Coping With ADHD and Sleep Disturbances
We all struggle with sleep issues from time to time, but those with attention deficit hyperactivity disorder (ADHD) may experience additional factors that contribute to trouble sleeping.
Whether it stems from a comorbid condition or a substance, people with ADHD may be prone to having struggles with sleep. Understanding why you cannot sleep could be the first step to rectifying the situation.
From chronic ADHD fatigue and lower immune function to negligence and poor memory, ADHD-related sleep disturbances can touch every aspect of your waking life. In order to improve your mental and physical health, you’ll need to figure out which aspects of your sleep are most affected, and how to change your routine to balance your ADHD symptoms.
Reasons for ADHD Insomnia
Anxiety is a common comorbid condition with ADHD. Our anxious thoughts, which may worsen at bedtime, often keep us from falling or staying asleep.
Some may ruminate on a particular thought. Others may worry excessively.
If anxiety is severe enough that it is hindering sleep on a chronic level, then it is important to seek help, as untreated anxiety can become crippling.
Sometimes with ADHD our thoughts are moving so fast that we cannot keep up. This explains the scattered, forgetful mindset that many think of when considering what ADHD is like.
Racing thoughts can be difficult to sit with and you may struggle to fall asleep because there are so many of them swirling around in your head.
Racing thoughts can be treated with therapy or medication — you don’t have to be resigned to them.
Stimulants are a class of medications that are used to treat ADHD. While stimulants can have wonderful benefits, if taken too late in the day, you may have trouble sleeping.
To solve this, talk with your doctor about setting a schedule to determine when you take your medications. Of course, there are also other medication options that are non-stimulants that you can also try.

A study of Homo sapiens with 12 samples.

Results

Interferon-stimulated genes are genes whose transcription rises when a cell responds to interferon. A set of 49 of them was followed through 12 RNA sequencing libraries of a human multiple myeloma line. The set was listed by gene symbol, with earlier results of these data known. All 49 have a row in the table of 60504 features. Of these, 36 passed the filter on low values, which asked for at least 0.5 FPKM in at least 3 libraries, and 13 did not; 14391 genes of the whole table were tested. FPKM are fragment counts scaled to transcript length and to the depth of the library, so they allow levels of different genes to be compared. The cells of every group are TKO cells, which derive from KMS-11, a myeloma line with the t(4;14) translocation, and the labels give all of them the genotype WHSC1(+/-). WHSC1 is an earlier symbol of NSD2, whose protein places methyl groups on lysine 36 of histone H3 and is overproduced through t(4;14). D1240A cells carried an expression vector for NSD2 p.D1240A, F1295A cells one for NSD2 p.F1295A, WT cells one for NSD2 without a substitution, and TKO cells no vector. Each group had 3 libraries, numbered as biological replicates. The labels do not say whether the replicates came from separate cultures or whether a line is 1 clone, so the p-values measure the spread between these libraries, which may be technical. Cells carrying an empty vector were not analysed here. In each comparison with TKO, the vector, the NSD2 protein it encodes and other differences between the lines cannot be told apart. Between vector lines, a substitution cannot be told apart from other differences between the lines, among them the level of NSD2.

Hyperactivity and Restlessness
If the hyperactive component of ADHD is at play in your life, you may be more vulnerable to sleep issues. If you feel the urge to move around or you’re filled with energy, it can make it difficult to wind down enough for you to sleep.
Try to find ways to get out that restlessness or hyperactive tendencies, like exercise. It could lead to a better night’s sleep.
Sometimes people with ADHD self-medicate with caffeine, and too much caffeine can mean sleepless nights — especially if it is consumed later in the day.
Keep track of how much caffeine you consume and discern if you need to cut back.
Other issues include:
- Difficulty falling asleep. About 75 percent of adults with ADHD report that they spend over an hour trying to fall asleep each night.
- Restless sleep. Tossing and turning, kicking and twisting, jerking awake — ADHD symptoms can interfere even after you manage to fall asleep. Many sufferers say they wake up feeling just as tired as when they went to bed the night before.
- Difficulty waking. After struggling with light sleep through the night, 80 percent of people with ADHD will fall into a very deep sleep in the early hours of the morning. This makes us disoriented and exhausted when the alarm goes off. The drowsiness can sometimes continue into the afternoon.
- Spontaneous sleep. When an ADHD sufferer loses interest in the task or activity at hand, their brain quickly searches for another point of focus. Sometimes, the nervous system can withdraw from the situation, which may bring on sudden and extreme drowsiness or sleep.
Next page: Ways to beat ADHD sleep problems and finally get a good night’s rest.